The UK Independent reported yesterday that home secretary Sajid Javid considered evidence obtained in a review of pro-life activities outside UK abortion facilities and decided that creating free speech “buffer zones” around the facilities would be an unwarranted move. Javid said, “Having considered the evidence of the review, I have therefore reached the conclusion that introducing national buffer zones would not be a proportionate response, considering the experiences of the majority of hospitals and clinics, and considering that the majority of activities are more passive in nature.”
His predecessor, Amber Rudd, had called for the review, noting that anyone entering an abortion facility shouldn’t feel intimidated. But Javid noted that any violence or actual intimidation was “not the norm” outside the facilities. The Independent writes:
[Javid] said that in some of these cases, protesters distributed out model foetuses, displayed graphic images, followed people, blocked their paths and even went so far as to assault them.
But the home secretary said the review showed these activities were “not the norm” and most anti-abortion activities were “more passive”, including praying, handing out leaflets, and showing banners.
According to the review, in 2017, 363 hospitals and clinics in England and Wales performed abortions. Of these, 36 experienced anti-abortion demonstrations.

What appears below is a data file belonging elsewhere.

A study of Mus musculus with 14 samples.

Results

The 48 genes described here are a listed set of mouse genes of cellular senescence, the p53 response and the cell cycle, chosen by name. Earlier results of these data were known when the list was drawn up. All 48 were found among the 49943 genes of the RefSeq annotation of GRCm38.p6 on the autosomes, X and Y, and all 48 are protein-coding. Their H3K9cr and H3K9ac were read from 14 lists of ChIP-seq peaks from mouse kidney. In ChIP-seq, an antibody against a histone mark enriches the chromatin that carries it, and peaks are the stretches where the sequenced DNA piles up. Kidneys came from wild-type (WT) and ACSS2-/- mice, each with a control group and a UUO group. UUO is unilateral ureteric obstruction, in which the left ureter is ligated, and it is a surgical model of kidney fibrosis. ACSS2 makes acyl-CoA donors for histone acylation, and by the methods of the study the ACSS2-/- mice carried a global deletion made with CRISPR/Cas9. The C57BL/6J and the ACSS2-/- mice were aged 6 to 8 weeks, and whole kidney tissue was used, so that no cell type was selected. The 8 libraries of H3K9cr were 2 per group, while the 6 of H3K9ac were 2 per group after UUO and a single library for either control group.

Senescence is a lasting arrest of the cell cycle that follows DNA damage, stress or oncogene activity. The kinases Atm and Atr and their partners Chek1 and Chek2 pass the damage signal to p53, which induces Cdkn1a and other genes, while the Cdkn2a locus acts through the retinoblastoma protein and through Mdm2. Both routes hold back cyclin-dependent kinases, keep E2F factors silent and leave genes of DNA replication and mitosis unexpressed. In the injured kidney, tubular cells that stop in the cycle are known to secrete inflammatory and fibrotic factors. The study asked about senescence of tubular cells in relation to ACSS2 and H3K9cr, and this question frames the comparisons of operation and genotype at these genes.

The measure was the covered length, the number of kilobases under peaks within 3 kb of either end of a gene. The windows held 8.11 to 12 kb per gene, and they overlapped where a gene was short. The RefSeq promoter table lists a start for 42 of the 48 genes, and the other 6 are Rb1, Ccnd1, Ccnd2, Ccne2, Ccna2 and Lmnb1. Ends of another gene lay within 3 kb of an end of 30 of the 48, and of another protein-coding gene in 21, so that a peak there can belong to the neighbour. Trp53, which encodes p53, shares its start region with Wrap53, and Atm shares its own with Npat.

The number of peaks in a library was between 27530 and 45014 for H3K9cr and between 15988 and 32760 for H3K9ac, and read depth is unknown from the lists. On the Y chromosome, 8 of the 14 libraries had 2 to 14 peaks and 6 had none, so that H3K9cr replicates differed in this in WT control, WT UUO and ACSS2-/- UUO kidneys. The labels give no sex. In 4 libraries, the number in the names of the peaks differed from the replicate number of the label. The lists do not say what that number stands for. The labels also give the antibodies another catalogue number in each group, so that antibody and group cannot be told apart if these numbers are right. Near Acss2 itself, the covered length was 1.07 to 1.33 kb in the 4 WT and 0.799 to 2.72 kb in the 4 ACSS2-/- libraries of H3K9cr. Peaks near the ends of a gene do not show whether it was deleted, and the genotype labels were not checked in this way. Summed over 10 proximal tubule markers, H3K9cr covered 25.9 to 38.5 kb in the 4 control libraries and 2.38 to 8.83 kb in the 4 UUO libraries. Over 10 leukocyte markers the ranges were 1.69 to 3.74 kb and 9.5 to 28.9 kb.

Mr Javid said there was already existing legislation – such as the Public Order Act 1986 – which limits protest activities that harm others.
Unsurprisingly, several have objected to Javid’s decision. Dr. John Chisolm, chair of the medical ethics committee at the British Medical Association, stated in part, “approaching women accessing [abortion] services who may already feel vulnerable is unacceptable.” The managing director of Marie Stopes UK — the UK’s largest abortion provider — agreed, saying, “We don’t believe anyone should face harassment when accessing a legal, confidential health service….”
But, of course, abortion is not just like any other “health service.” Abortion is the intentional killing of a human being in his or her mother’s womb. The video below shows a D&E abortion, which takes place between 13 and 24 weeks of pregnancy. Abortion is legal in the UK up to 24 weeks and, according to the NHS, “can be carried out after 24 weeks in certain circumstances – for example, if the mother’s life is at risk or the child would be born with a severe disability”:
A child in the womb at 24 weeks looks like this, and has a good chance of surviving outside the womb with assistance:
In the United States, the Supreme Court has found “buffer zones” around abortion facilities to be unconstitutional, infringing upon the free speech rights of Americans.